The Government Accountability Office reported today that Obama violated a “clear and unambiguous” law when he exchanged five Guantanamo Bay detainees for Army Sergeant Bowe Bergdahl earlier this year.
“[The Department of Defense] violated section 8111 because it did not notify the relevant congressional committees at least 30 days in advance of the transfer,” the GAO report reads. “In addition, because DOD used appropriated funds to carry out the transfer when no money was available for that purpose, DOD violated the Antideficiency Act. The Antideficiency Act prohibits federal agencies from incurring obligations exceeding an amount available in an appropriation.”
Of course, don’t expect Obama to stop playing golf and run to address this crime – just add this to the list of 76 crimes Senator Ted Cruz published earlier this year.
Obama knows that this government is completely locked down with communists, Muslim Brotherhood members and complicit criminals. No, Obama isn’t about to break a sweat, unless it’s on the 18th hole.
The report comes several months after the Obama administration released five senior Taliban members from Guantanamo Bay in exchange for Bergdahl, who had disappeared in 2009. Under the exchange terms, the five Taliban are to remain in Qatar for a year.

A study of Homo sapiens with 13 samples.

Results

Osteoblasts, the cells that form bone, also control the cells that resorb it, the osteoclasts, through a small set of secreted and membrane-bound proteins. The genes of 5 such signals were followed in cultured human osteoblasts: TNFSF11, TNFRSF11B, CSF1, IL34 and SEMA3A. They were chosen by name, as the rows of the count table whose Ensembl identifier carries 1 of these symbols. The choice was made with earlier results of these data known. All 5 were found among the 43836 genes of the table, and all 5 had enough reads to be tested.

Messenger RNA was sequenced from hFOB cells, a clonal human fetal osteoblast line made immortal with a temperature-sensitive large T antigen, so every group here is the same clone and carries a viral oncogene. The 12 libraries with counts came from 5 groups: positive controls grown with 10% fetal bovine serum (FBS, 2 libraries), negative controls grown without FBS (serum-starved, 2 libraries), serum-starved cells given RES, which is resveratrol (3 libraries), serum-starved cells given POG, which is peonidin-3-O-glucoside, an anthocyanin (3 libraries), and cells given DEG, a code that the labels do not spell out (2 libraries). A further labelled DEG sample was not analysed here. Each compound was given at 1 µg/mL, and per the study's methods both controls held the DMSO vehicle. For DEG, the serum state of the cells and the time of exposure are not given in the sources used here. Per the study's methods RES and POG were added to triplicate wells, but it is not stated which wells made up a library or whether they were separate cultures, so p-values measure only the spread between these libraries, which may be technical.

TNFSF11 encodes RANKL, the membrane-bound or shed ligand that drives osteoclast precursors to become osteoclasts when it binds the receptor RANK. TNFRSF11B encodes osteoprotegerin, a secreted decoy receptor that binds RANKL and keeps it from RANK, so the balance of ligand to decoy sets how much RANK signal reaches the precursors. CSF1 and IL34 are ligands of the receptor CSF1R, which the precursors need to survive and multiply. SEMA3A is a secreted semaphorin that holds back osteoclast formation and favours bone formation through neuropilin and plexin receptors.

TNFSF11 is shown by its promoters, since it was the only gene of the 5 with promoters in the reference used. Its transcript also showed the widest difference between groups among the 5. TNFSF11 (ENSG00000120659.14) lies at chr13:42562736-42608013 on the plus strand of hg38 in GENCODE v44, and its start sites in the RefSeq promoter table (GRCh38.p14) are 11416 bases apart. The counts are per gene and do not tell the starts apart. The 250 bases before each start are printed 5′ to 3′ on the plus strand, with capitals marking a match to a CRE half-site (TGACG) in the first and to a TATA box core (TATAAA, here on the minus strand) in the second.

Lawmakers at the time complained about the security implications of releasing Taliban leaders from Guantanamo, but also about the late notification by the Pentagon that they were going forward with the swap.
Sen. Lisa Murkowski, R-Alaska, among the lawmakers who requested the report, said Thursday that the president “clearly defied” the law.
“We have all seen the President decide to override the concept of checks and balances in many questionable executive actions, but the GAO opinion confirms that by doing so in connection with the release of Bowe Bergdahl, he engaged in a clear violation of the law,” she said in a statement. “I hope this opinion by the nonpartisan Government Accountability Office sends a clear signal to the President that his recent shift towards unilateral action is not consistent with this nation’s principles and our carefully designed separation of powers.”
Whether the finding will result in any formal legal complaint remains to be seen. The House Armed Services Committee has prepared a “resolution of disapproval” potentially to be considered later this year about the swap, but such a measure is nonbinding.
At issue were recent laws passed by Congress. The latest Defense spending bill states that no money can be used to transfer Guantanamo prisoners to another country “except in accordance” with a separate, related Defense law. That law requires the secretary of Defense to notify key congressional committees at least 30 days before such a transfer.
The swap occurred May 31 of this year. However, the GAO report said those committees were only notified between May 31 and June 2.